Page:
Postby Peppermint Pig » Tue Sep 11, 2007 6:24 am

The following images were masked (cut out) by hand using a brush in mask mode to trace the outlines (graphic work I did for my brother, SG). While the results are attractive, it's very time consuming!!! Eating into the time I could be using to build (I hardly post anything!):

http://www.brickshelf.com/gallery/Stone ... ost_01.jpg
http://www.brickshelf.com/gallery/Stone ... tor_11.jpg

So...

I've been pondering the issue of 'green screening' for Lego photography and video. Clearly, green and blue screens are not suitable for Lego chroma key work since they are such common colors in the Lego universe. Any ideas on what the best 'universal' chroma key color for Lego would be? I'm guessing lavender/orchid, if it contrasts enough from blue-violet, stays cleaner and more saturant than sand purple, stays brighter than purple, and avoids warm pink tones. Has anybody done any editing work along these lines?

Postby E of Alshire » Tue Sep 11, 2007 12:16 pm

Peppermint Pig wrote:Has anybody done any editing work along these lines?

No. I tend to just build.

Nice job, though.

Doing that sort of thing certainly does improve the presentation (which I'm all for), but I've never had the time/talent/inclination to do so myself. I just take pictures on a neutral background. Of course, you can't necessarily do that for monstrous creations, but it works for the scale I build at.

Heres a chart of colors which IMO might work.

Image
Green would work if it is this sort of luminous green, just dont try doing it with a forest shot :lol:

The key is to get the ones which are as luminous as possible and to have sufficient lighting so there is enough contrast to separate the bricks from the background. However the choice of background color would no doubt affect the picture outcome and would require some hue adjustment later.

At any rate I doubt u can reach the point which after you got the shot you could settle the chores with one click on magic wand tool. The shadow produced on lighting will inevitably mess things up a bit.

Anyway good luck and do let us know, not all of us has the resource to experiment with these :wink:

Of course, you can't necessarily do that for monstrous creations, but it works for the scale I build at.


Well, I don't think it's impossible, but it does require some forethought. A large sheet of green muslin (a cloth with low sheen), can be had for a bit of cash on E-Bay or at a fabric store. I'm afraid, though, that green muslin can be a problem with Lego in Lime and Bright Green as I mentioned.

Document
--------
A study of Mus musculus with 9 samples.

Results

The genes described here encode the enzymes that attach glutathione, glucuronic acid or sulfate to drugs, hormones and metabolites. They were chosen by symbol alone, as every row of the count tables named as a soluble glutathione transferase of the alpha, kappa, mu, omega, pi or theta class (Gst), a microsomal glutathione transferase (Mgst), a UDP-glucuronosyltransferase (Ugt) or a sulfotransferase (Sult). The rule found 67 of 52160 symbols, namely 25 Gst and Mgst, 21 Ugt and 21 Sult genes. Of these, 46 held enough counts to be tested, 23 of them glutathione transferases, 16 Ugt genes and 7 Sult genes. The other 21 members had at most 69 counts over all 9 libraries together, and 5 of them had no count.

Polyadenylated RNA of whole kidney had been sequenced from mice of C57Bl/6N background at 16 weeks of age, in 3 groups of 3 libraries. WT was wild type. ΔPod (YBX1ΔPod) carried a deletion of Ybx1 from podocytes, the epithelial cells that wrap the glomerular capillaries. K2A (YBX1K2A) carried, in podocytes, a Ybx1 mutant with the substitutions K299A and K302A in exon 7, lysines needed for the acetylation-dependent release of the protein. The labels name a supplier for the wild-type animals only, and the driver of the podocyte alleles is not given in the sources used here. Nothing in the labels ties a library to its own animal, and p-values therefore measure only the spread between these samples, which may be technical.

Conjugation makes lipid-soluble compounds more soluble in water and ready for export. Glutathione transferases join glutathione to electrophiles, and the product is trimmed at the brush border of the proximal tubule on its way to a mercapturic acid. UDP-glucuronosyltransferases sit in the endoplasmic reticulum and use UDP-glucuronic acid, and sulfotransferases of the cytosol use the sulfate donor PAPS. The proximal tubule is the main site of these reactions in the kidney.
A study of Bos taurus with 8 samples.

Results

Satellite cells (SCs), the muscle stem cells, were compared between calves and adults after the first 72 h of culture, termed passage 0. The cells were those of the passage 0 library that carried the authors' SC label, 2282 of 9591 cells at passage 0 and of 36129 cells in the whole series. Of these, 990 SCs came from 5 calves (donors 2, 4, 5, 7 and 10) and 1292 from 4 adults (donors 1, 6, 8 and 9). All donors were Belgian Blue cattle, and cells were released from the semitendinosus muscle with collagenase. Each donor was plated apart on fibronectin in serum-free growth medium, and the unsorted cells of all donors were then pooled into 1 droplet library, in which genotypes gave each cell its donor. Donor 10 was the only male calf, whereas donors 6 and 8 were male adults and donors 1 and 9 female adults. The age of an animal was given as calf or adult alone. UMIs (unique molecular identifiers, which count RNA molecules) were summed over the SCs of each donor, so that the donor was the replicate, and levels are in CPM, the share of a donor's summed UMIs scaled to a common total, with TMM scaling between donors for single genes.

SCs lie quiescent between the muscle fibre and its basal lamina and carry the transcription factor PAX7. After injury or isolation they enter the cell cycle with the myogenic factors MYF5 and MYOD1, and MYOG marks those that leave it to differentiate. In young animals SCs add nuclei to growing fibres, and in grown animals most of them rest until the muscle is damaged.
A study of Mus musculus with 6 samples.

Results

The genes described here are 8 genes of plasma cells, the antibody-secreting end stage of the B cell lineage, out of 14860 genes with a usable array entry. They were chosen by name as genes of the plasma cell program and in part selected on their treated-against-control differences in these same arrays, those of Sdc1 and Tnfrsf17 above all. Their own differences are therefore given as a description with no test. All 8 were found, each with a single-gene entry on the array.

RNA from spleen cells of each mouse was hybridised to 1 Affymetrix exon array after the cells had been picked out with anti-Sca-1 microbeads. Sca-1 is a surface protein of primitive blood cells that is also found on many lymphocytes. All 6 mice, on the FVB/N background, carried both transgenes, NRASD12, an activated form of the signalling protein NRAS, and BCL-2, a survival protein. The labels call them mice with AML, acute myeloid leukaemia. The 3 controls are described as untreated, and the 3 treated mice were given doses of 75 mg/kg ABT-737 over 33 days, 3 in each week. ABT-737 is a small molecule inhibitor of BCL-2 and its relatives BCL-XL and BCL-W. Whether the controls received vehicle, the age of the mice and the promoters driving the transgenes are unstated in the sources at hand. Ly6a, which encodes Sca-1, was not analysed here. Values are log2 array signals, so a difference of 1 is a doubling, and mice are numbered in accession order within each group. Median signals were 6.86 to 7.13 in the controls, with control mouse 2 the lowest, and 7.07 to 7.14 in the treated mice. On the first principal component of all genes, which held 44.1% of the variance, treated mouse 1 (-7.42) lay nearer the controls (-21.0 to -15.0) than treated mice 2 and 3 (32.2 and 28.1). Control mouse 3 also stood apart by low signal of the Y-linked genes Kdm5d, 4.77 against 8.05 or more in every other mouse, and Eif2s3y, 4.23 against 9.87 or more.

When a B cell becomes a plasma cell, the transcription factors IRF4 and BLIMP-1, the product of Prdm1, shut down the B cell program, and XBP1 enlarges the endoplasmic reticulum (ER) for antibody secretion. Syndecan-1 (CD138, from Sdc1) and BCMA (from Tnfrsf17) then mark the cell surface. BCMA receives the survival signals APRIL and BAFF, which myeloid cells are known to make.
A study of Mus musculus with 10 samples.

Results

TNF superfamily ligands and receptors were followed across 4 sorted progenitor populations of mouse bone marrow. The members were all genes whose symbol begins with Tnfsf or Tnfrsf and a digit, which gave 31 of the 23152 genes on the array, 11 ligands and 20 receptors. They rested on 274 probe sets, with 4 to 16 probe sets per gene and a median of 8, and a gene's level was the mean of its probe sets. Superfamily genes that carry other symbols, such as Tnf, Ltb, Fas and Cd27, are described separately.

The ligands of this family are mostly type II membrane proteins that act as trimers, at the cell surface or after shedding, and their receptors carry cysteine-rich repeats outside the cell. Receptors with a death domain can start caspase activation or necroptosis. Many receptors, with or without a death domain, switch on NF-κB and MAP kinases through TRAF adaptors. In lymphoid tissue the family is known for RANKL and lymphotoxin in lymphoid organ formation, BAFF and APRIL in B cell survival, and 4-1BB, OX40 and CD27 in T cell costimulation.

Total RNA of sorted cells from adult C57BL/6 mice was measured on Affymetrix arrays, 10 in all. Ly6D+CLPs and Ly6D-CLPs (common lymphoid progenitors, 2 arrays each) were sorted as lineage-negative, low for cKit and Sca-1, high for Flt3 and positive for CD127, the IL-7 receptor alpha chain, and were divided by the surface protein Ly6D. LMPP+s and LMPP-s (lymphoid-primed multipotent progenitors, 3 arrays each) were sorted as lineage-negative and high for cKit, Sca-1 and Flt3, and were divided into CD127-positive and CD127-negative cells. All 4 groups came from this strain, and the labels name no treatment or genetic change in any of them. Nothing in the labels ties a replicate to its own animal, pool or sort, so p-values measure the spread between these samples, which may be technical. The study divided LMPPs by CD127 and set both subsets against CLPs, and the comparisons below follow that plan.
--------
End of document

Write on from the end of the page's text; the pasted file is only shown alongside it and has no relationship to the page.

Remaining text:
Green would work if it is this sort of luminous green, just dont try doing it with a forest shot


LOL. Yeah. Not only is Lego difficult from a color perspective, there's also the reflection of light on the plastic (which can be corrected to a point), and a brightly lit green screen could reflect its glow, bleeding on your scene/models if positioned nearby. We don't want that!

My initial point was to find a color that would pose the fewest issues: A 'universal' chroma color for Lego. Magenta, Orange, and Turquoise are colors I like using, and as Lego colors, that would disqualify them. :P

The key is to get the ones which are as luminous as possible and to have sufficient lighting so there is enough contrast to separate the bricks from the background. However the choice of background color would no doubt affect the picture outcome and would require some hue adjustment later.


I agree. The chroma color should have a cleanly character: Bright and saturant on its own, not requiring a great deal of lighting, creating the fewest issues in all regards.

At any rate I doubt (you) can reach the point which after you got the shot you could settle the chores with one click on magic wand tool. The shadow produced on lighting will inevitably mess things up a bit.


I think I can solve this issue. There's much talk about soft box screens and 3 point lighting (google it!). That would help with the model, but there would still be the issue of the screen color itself. Experts I've read about suggest that the screen needs to be evenly lit, which may or may not require an additional lighting setup, and this may be beyond the means or interest of most people photographing their Lego.

If you just have small models, a sheet of draped paper and two lights is sufficient.

Here's what I'm thinking might work. The best color is probably the one in the bottom right corner.
Image


Anyway good luck and do let us know, not all of us has the resource to experiment with these


Thanks for your support. I will bring knowledge to the masses, and hopefully provide some economical solutions to all of these problems so that the art of Lego photography is advanced (maybe, lol). :)

That looks amazing. You've done some outstanding work.

I think I can bring a little advice to the subject matter. At my university, I had some experience with a green screen. As you probably know, sometimes the color reflects onto the subject you're photographing/video recording, and you end up "chroma keying" out some of said subject thus it looks transparent near the edge?

Well, if you have enough lights and gel filters, you can back light the subject with magenta to cancel out the green. That is, if you're using a green screen. You'd have to use the opposite light of whatever color you decided to use.

Anywho, your work is every impressive. Hope you understood anything I said.

Yes, I understand clearly. That's a good tip! I have some colored lights and a spare light fixture I could use. My only issue is that most of my photography takes place in a tight space, with the table against the wall... I could maybe also use a large sheet of paper in a contrasting color, and place those off camera to the left and right as light reflectors so the shiny Lego soaks it in.